Granny Smith Apples

I took some photos back on the 30th of August and am just having a chance to post now.

This year – our Granny Smith apple tree seemed to be ‘loaded’ with little apples.  I was hoping that they were going to get larger, but they never did.  That makes sense though – because the apple tree that I bought was put on a “semi-dwarf” rootstock.  That means that they took the main plant when it was growing and spliced it in with a root that was small.  That effectively limits the growth of the tree.  That is good though – because there are power lines directly overhead the tree.  And the semi-dwarf rootstock will allow for up to around 15 feet of growth.

But the sad consequence is that we are going to have apples that are maybe half (or smaller) than the size of a regular apple.

It is free fruit though!  I picked about a dozen apples from the tree.  Because I don’t spray or use any pesticides, some of them did have holes and chunks taken out of them.

Granny Smith Apple Tree

On the same day, I also picked a decent amount of tomatoes.  So they are side by side:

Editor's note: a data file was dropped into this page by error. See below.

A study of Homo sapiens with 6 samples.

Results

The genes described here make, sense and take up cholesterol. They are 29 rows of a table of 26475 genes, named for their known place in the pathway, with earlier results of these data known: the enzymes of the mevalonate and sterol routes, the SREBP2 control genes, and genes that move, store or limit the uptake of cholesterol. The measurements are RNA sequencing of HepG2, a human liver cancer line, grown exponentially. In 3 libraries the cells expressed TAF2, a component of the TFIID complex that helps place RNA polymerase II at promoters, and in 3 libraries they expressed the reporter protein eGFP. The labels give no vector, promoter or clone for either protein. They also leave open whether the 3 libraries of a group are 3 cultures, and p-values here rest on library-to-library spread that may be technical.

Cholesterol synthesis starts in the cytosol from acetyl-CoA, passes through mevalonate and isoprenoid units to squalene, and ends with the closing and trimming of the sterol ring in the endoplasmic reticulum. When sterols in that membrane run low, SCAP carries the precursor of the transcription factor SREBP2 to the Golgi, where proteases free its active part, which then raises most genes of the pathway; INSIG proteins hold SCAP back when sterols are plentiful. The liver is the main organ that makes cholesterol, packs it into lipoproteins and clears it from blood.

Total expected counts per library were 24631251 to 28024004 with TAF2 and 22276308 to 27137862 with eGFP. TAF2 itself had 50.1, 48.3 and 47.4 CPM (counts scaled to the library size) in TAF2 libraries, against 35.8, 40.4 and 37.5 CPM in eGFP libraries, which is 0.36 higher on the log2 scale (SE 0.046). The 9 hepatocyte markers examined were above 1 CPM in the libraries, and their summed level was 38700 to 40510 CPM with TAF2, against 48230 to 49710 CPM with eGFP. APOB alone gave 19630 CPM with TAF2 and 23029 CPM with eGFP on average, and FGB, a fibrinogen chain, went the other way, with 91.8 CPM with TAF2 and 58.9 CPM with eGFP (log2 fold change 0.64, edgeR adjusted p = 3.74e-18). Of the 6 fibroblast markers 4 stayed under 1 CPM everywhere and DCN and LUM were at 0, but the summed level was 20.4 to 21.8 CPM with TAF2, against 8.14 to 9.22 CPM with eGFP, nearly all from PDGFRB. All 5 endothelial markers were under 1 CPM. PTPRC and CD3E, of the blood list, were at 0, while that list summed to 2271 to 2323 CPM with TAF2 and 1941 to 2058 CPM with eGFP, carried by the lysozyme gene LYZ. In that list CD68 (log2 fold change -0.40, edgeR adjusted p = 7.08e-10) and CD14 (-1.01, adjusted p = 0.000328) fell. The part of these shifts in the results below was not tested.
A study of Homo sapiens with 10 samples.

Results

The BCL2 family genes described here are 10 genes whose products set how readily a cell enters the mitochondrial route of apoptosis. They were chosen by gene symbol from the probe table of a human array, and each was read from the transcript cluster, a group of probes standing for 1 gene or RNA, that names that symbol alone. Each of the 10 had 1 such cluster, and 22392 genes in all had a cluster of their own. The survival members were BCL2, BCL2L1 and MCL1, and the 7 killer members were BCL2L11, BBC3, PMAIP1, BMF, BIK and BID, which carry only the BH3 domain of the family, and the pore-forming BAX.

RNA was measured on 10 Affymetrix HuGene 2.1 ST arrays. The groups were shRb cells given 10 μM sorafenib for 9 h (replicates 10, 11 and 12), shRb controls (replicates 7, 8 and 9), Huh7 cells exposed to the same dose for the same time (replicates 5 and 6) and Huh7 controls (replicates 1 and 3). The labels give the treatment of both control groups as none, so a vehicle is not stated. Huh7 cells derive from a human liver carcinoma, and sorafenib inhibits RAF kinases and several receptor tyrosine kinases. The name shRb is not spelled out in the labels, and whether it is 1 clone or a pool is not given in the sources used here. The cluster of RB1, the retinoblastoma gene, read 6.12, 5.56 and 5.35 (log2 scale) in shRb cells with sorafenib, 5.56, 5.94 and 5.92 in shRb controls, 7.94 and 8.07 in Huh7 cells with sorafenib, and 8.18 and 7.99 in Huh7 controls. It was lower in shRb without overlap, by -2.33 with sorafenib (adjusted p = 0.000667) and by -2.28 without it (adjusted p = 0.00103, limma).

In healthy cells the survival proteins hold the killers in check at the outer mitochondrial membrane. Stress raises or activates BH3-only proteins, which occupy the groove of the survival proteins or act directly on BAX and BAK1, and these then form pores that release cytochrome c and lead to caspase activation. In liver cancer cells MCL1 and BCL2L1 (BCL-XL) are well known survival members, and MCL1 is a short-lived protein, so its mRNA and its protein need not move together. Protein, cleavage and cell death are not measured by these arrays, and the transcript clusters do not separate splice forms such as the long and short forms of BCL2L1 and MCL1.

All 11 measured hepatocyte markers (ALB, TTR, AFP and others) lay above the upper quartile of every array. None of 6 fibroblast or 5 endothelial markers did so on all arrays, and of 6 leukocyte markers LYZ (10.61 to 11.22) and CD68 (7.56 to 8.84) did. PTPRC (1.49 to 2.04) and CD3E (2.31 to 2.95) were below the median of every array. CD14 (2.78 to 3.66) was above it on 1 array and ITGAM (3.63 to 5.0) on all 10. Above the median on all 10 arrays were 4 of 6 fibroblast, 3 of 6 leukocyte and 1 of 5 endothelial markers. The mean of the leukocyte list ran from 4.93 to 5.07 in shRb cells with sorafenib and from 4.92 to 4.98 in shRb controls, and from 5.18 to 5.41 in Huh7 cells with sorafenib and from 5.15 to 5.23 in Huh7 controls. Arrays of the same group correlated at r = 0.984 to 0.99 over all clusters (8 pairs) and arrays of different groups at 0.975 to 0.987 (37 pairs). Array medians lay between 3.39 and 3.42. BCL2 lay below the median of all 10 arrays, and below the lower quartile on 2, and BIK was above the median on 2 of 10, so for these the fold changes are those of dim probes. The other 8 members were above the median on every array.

Tomatoes and Apples

There isn’t much left of the garden – essentially only tomatoes and green beans.  The green beans I have let loose – and they are now going to seed.  This way I’ll have seed to plant next year without going to the store and buying it.

Green Beans

You can see that the pods are all turning brown and drying out – then I can open them and harvest the seeds.

The four Best Boy tomato plants have done pretty good this year.  Considering we haven’t had tomatoes for the past two years due to deer, it has been great.  There are lots of green tomatoes on the plants and we’ve picked probably three or four dozen tomatoes so far.  The weather significantly cooled off the past few weeks so I am not sure how many more tomatoes are going to fully ripen.

Best Boy Tomatoes

Another just another picture of the front garden:

Front Garden

The last picture is from the onions.  A couple weeks back, I spent a good amount of time cutting the tops off the onions outside.  They have all been sitting on the outside table for several weeks to allow them to dry.  So it was time to clean the table up.

Walla Walla Onions

Overall, the Walla Walla Onions did very good this year with over 100+ harvested.  A good handful were very large but the majority were smaller.